Friday, May 11, 2012

The Masculine Mystique

On Wednesday I shared some reflections I had on reading Betty Friedan's book The Feminine Mystique. Today I want to explore the corresponding idea of a masculine mystique. Friedan of course was not primarily concerned with this question, but even she hints at it in her book, such as when she writes: “It seemed to me that men weren't really the enemy – they were fellow victims, suffering from an outmoded masculine mystique that made them feel unnecessarily inadequate when there were no bears to kill.” (For those who believe feminism to be fundamentally anti-men, note well her statement here.)

I have not had the time and resources to thoroughly investigate and document this masculine mystique, but I believe it exists as surely as the feminine mystique. The masculine mystique asserts that for a man to be a real man, to belong to the “dude club,” he must demonstrate certain character and behavioral traits. Among these are that he must be strong both physically and emotionally. He must be independent. He glorifies strength and power and the exercise of these in violence – of course only that which is justified by the situation. He enjoys dominating and controlling his environment, including of course being in charge of the women around him. No real man would allow a woman to tell him what to do, though he might lend a moment of his time to listen to her if he must. A manly man should love cars, guns, sports and competition in general. He recognizes that life is a battle and his job is to come out on top.

A card-carrying member of the dude's club could not possibly enjoy literature, romance, the performing arts or expressions of beauty. He can admire a “beautiful” woman or a “beautiful” car, but you won't see him getting emotional over beautiful scenery or a beautiful painting. In fact, the only truly acceptable emotion for a manly man to express openly is anger, because anger demonstrates his desire for power and control. He may tolerate certain “non-manly” things in order to whoo the girl or woman he loves, but he can't possibly admit to liking it or enjoying it. He would lose his club card for such a thing. As I understand it – and I don't know Spanish – the Spanish language has a word for this manliness which we have borrowed into English: macho. A real man is a macho man.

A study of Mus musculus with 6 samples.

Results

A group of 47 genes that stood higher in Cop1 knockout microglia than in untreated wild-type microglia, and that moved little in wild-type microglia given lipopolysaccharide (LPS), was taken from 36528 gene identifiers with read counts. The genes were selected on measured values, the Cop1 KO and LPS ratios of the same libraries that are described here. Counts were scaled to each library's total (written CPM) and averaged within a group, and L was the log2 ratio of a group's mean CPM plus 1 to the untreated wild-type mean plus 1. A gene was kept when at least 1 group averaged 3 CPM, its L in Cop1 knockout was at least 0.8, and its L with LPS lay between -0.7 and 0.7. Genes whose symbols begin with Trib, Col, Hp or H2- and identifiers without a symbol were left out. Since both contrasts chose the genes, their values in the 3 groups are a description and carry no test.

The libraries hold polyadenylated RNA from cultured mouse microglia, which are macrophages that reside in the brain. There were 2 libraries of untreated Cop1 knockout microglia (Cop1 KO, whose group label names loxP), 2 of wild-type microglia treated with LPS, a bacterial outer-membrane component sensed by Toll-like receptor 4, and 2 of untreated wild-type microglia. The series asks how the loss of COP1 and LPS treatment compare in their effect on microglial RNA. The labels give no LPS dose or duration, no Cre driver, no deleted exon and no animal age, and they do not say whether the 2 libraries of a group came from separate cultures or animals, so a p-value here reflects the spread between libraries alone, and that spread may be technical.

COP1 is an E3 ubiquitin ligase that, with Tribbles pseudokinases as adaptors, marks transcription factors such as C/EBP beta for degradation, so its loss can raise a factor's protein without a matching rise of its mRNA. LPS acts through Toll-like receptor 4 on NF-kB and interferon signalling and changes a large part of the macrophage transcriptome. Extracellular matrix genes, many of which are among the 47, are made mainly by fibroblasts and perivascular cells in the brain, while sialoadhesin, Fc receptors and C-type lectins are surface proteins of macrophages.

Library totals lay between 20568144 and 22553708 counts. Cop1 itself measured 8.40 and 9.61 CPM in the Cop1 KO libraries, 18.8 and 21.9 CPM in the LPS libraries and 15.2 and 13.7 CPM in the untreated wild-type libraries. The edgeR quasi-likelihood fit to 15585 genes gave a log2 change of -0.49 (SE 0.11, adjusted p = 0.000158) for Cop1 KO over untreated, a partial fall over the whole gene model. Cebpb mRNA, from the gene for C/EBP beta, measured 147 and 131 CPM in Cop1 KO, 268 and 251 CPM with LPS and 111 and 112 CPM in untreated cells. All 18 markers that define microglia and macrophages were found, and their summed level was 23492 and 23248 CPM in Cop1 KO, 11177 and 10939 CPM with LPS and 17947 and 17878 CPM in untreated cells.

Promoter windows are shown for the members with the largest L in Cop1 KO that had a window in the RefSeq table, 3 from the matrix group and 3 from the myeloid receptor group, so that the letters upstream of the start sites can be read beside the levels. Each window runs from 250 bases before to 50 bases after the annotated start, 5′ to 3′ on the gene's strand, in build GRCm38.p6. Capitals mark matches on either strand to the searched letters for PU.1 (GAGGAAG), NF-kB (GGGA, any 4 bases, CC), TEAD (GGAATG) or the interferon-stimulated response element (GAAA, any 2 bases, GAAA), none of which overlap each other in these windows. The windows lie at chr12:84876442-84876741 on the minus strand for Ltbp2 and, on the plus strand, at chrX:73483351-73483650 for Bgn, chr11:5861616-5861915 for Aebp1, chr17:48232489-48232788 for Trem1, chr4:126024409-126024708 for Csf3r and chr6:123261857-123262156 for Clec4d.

This image of manliness has lost some of its currency in the culture, although our media continues to promote these stereotypes both in programming and advertising. More significantly, the Church continues to uphold the masculine mystique. The Church has added to it certain expectations of being a good, caring, devoted husband, but without losing those core traits of the masculine mystique (which in fact often leaves a man with internal tension as he tries to fulfill both expectations.) Lately certain prominent male Church leaders have made statements pushing for an even stronger masculinization of the church, railing against what they view as the effeminization of Christianity and of men in the Church. Men like Mark Driscoll, John Piper and John Eldredge have written and spoken a clear message upholding traditional, macho-driven models as being the ideal of “biblical” manhood.

The time has come to cast off this masculine mystique. There is room within the Kingdom of God for men of all types. God doesn't welcome only men who meet a certain image of “maleness.” He doesn't check for your dude club card at the entrance. Yes, there's room in the kingdom for men who are very traditionally male. And there's room for men who express characteristics and behavior that have traditionally (and still by many in the Church) been considered “feminine.” I think the designation “masculine” and “feminine” need to lose their meaning in society and in the church. At least they need to lose the stigma we currently attach to them. Men and women are different biologically and they may tend to express certain differences in behavior according to their biology, but much of what we label as masculine and feminine – gender differences – are really culturally and socially determined and therefore can be changed.

Not only does God's kingdom have room for men and women of different characters, but I think that we men need to cast off the masculine mystique because it hinders us from recognizing the qualities of godliness that have too often been labeled as feminine. We need to let go of our desire and need for power and control, for competition and superiority. I could make another entire post out of this topic alone, because I think we have falsely skewed our understanding of faith, godliness and the kingdom of God because of the influence of the masculine mystique.

We do so much damage to individuals and to the body of Christ by insisting that being “godly” means following the feminine mystique if you are a woman or the masculine mystique if you are a man. Godliness isn't about gender. It's about justice, mercy, humility, redemption, transformation and a host of other things that transcend gender.

I have a dream that the Church can become an inclusive, embracing place – a place where men and women are free to develop the character that God has given them without being constrained by culturally-driven definitions of manhood and womanhood. We're not there yet and sometimes I wonder if this dream will ever be realized. But I hold on to the sparks and the small signs of hope and transformation.